I admire the space scientists of our day, who make possible the thrilling space journeys of the astronauts. If there is one thing they have in common, that is to think ahead and foresee every possibility. Architects also have that capacity to see the finished building, to know how it will blend with surrounding buildings, and to plan the layout to meet the needs of their clients for many years ahead.
In the same way, my faith has an element of foresight built into it by God, and without it faith would turn into hope. The great example of foresight in the “Heroes of Faith” chapter is Joshua. “By faith the walls of Jericho fell down, after they were compassed about seven days” (Hebrews 11:30). Joshua was the leader of God’s people at this time, and to understand this faith incident we need to go back forty years to when Joshua and Caleb were the two spies who gave a positive report of the land of Canaan.
It was some weeks after the nation had crossed the Red Sea, and the army of the Egyptians had been drowned. Moses had sent twelve spies to search out the land ahead, and when they returned, ten gave a negative report. “We are not able… they are stronger than we… we saw the giants… we were in our sight as grasshoppers” (Numbers 13). However, Joshua and Caleb reported: “We are well able… they are bread for us… they are defenceless… the Lord is with us.” The contrast is between the sight of fear and the foresight of faith; between being a grasshopper or a conqueror! Joshua got his attitude right about Canaan — and he kept it right for forty years!
The nation believed the ten spies with their grasshopper philosophy, and God pronounced that only two adults of their number would go into the promised land of Canaan — and they were Joshua and Caleb. The nation then went on a forty-year merry-go-round in the wilderness. Moses died, and Joshua was given the leadership of the nation and told to take the people across Jordan and into the promised land. God said to cross the Jordan; Joshua then decided how it would be done. “Prepare food, for in three days you will pass over this Jordan” (Joshua 1:11). God’s time is always now, but Joshua had 1.5 million people to move and he figured he needed three days to do it. God promised — Joshua prepared. Joshua got his affirmation right. He was a follower (mimic, Eph. 5:1) of the God Who “calleth those things which be not as though they were” (Romans 4:17). That is why an affirmation is always in the now, not some future time. There is no past, present, or future in spirit, only now!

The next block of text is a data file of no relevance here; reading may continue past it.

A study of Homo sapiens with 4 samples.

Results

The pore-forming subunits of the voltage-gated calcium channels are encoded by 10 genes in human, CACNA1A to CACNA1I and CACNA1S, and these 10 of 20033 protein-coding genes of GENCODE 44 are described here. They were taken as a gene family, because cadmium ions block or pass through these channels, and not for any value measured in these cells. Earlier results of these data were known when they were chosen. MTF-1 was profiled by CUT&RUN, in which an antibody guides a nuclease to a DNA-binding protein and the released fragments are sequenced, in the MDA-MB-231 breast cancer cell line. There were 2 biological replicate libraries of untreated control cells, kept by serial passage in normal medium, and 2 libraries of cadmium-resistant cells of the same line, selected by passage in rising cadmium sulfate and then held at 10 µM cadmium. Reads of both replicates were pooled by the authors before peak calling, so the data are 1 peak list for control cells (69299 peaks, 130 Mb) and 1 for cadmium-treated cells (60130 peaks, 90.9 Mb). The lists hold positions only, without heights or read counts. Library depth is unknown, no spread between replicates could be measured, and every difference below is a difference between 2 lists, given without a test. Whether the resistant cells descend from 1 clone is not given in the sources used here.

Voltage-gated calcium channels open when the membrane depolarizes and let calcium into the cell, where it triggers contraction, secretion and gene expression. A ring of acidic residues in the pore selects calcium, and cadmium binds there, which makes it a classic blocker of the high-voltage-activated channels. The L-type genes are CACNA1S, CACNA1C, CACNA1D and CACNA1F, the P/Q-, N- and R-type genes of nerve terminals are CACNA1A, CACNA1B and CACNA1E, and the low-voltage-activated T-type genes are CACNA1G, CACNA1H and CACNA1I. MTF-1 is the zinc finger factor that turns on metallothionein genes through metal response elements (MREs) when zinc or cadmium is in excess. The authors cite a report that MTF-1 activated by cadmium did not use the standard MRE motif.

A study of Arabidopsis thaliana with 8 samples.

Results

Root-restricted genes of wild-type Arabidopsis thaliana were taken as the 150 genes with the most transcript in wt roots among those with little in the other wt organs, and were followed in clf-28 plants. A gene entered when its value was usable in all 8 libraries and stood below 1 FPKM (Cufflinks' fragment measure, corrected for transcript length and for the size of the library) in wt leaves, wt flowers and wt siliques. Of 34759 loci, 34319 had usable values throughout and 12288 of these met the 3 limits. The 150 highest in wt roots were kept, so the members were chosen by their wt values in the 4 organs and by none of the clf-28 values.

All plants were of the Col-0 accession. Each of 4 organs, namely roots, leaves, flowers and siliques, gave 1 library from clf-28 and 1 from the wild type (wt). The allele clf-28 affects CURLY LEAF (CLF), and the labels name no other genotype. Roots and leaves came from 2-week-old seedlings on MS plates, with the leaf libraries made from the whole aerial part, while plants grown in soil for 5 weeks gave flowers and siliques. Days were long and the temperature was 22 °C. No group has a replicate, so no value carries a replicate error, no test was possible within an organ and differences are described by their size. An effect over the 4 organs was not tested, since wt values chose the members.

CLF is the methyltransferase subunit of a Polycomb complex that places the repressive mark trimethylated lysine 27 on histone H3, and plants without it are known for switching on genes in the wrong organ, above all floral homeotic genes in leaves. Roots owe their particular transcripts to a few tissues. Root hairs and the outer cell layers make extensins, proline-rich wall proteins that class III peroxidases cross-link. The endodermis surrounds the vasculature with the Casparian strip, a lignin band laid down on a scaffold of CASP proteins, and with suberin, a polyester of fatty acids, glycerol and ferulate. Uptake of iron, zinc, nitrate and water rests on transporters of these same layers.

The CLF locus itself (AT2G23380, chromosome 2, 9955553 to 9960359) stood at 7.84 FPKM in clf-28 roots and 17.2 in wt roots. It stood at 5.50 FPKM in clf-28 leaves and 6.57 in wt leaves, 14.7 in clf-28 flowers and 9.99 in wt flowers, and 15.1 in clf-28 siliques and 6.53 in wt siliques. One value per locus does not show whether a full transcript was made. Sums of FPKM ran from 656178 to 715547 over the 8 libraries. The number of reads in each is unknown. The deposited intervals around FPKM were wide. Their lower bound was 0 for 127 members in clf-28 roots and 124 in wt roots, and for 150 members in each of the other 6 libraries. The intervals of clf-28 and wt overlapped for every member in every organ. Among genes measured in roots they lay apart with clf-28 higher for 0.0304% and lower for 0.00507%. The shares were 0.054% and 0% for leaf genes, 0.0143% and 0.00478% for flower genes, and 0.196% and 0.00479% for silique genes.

A few weeks later Joshua and the nation approached Jericho and set up a siege of the city. God’s promise to him was also in the now: “See, I have given into thine hand, Jericho…” (Joshua 6:2). And God went on to give him very specific instructions of how the city was to be conquered, and as we read the story in Joshua chapter 6 we see that Joshua got his actions right also. It must have been quite a sight to see the crowd walk around the walls of Jericho. Seven priests with trumpets headed the parade, followed by the ark, and then the people — with not a word spoken! They did this for six days straight, and then on the seventh day they went around seven times — a grand total of thirteen times (who said thirteen was an unlucky number?). On the last time around, when the trumpets were blown, Joshua gave the command to “Shout, for the Lord hath given you the city” (Joshua 6:16). “And the walls came tumbling down”, as the old song puts it! The key to the victory was that the people accepted Joshua’s guidance and did exactly as he asked them.
Now let’s apply this to our lives. To get the shout of victory, you must have the foresight of faith. You need to get the right attitude, have the right affirmation, and do the right action. And that’s faith. Faith is an assumption, an attitude (Hebrews 11:1), faith has to be spoken (Mark 11:23), faith has to have an action (James 2:17). And when you have faith, then the walls that are between you and your good will fall down flat!